By Toby Zinman
For the Inquirer
Enda Walsh’s The Walworth Farce is a perfect example of Marx’s observation, that “history repeats itself, first as tragedy, then as farce.” Inis Nua Theatre Company presents this very Irish, very theatrical play about families and violence and the endless acting out of the past. Tom Reing directs and J. Alex Cordaro choreographs the fights, of which there are many.
Two grown sons and their father live in dilapidated fifteenth floor walkup apartment on the Walworth Road in London. When we first meet them, Blake (Harry Smith) is ironing a dress which he then puts on. His brother Sean (Jake Blouch in a dazzling and moving performance) is in the kitchen, dismayed at discovering a giant salami in his supermarket bag. Their father (Bill Van Horn) is polishing a shoe; they are all readying themselves for the performance that is their lives.
Each day they act out the events of the past: their mother’s funeral, cooking a chicken, two little boys torturing a dog—it’s all murder, money, wills. Their saga of leaving Cork, Ireland and fleeing to England is full of horror and, at least in the first act, is very funny since it involves the two sons playing all the roles: Harry Smith is amazingly adept at putting on and taking off wigs as he plays all the women in the family, while Jake Blouch shifts walks and accents to portray their husbands. The insularity is broken when Hayley (Leslie Nevon Holden) appears with the bag of groceries Sean left behind.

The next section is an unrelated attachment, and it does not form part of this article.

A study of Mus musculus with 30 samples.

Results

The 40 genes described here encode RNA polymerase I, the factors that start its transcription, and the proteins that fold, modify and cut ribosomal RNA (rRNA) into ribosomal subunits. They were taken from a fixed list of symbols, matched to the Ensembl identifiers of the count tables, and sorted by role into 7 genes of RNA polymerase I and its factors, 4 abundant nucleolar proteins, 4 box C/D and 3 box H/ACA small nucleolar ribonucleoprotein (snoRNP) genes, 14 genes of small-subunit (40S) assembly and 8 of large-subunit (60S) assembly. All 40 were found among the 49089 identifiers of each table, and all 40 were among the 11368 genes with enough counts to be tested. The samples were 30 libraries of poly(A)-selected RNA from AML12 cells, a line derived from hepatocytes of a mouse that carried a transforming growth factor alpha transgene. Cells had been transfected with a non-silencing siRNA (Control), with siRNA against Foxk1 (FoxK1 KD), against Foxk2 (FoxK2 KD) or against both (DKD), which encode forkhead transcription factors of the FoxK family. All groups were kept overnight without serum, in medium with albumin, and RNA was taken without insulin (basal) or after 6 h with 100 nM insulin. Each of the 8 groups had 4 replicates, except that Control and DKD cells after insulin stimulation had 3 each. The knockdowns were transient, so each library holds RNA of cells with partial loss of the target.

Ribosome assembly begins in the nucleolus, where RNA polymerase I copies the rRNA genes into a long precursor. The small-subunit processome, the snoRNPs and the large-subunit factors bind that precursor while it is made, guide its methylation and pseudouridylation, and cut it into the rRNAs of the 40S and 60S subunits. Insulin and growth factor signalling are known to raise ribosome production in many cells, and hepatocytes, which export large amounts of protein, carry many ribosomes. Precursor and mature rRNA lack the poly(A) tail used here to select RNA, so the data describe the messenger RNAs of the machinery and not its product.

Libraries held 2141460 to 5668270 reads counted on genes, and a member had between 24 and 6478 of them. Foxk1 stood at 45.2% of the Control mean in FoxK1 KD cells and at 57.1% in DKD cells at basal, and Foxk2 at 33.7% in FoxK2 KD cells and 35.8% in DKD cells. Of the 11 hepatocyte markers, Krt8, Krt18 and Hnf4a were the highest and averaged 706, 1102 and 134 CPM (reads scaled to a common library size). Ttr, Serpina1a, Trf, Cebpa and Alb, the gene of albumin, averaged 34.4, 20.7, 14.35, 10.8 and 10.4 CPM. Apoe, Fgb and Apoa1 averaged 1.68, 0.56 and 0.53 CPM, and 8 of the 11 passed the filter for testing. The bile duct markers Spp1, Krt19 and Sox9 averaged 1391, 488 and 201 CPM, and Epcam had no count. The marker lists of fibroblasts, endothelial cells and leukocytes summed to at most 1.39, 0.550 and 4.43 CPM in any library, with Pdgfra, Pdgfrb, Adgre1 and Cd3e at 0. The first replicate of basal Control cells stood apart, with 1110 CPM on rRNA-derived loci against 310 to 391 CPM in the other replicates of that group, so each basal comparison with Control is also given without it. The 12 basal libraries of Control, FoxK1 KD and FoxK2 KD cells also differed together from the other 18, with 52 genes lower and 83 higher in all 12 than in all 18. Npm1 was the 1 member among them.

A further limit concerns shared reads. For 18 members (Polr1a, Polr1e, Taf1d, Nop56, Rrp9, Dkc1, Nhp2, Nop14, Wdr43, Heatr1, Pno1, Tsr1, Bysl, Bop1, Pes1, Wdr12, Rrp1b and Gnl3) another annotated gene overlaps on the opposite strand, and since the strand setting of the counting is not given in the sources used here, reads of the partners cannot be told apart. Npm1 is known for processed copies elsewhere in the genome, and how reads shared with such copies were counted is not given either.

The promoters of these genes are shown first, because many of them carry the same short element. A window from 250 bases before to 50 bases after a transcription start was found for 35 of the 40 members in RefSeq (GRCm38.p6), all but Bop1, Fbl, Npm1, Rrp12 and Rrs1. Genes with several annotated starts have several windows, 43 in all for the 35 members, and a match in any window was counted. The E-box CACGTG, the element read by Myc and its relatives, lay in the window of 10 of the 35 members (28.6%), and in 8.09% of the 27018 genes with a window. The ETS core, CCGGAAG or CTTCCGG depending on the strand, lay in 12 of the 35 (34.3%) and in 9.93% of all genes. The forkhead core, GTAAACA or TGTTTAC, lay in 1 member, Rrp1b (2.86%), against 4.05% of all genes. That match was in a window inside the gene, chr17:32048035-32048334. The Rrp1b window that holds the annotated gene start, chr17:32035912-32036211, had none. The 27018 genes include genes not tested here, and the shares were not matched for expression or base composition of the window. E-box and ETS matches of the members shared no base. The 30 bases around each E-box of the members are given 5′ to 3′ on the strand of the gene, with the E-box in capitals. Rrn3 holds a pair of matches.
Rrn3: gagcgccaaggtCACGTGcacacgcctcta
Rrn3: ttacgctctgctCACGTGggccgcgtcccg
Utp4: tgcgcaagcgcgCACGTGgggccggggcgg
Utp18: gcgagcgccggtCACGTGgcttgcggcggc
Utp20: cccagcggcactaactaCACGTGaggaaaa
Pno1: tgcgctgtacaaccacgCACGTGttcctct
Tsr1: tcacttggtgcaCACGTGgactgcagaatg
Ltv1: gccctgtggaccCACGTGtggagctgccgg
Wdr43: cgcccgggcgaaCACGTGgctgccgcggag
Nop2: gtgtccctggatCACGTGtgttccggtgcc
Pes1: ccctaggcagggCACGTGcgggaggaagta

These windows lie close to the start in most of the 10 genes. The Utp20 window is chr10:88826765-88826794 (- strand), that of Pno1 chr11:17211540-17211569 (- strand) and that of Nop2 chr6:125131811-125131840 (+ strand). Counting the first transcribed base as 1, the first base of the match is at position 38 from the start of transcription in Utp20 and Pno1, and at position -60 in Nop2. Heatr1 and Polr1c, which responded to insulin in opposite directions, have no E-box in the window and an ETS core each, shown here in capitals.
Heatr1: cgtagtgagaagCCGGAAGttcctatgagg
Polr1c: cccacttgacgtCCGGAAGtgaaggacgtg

Enda Walsh is one of the heirs apparent to the Irish Theatre throne, currently occupied by Brian Friel (if Martin McDonagh is the wild, lunatic prince, Enda Walsh is the weird, obsessive one). Like Friel’s Philadelphia, Here I Come!, this play, The Walworth Farce, is also an immigration story, but of a very different sort. And like Walsh’s earlier play, Bedbound, ( Inis Nua’s production in 2010 was spectacularly good ), Walworth is an endless recital of past triumphs and terrors. And like Walsh’s brilliant later play, Penelope, this one is about people who are trapped by the stories they inhabit, characters who cannot escape the larger narrative somebody else wrote.
The problem with this play—besides the inconsistency of the accents--is the repetition; it’s the defining device for both its plot and its theme, but it necessitates our watching the same thing, more or less, over and over. Once we get it, there’s not much left to get. Most Irish plays celebrate storytelling (consisder McDonagh’s Pillowman or Conor McPherson’s The Weir), but here Walsh sees that Irish inclination as self-deluding performance, a way of fictionalizing self, of denying the present and the outside world. As the father asks, “For what are we, Maureen, if we’re not our stories?” The question is an indictment, not a celebration of contemporary Ireland.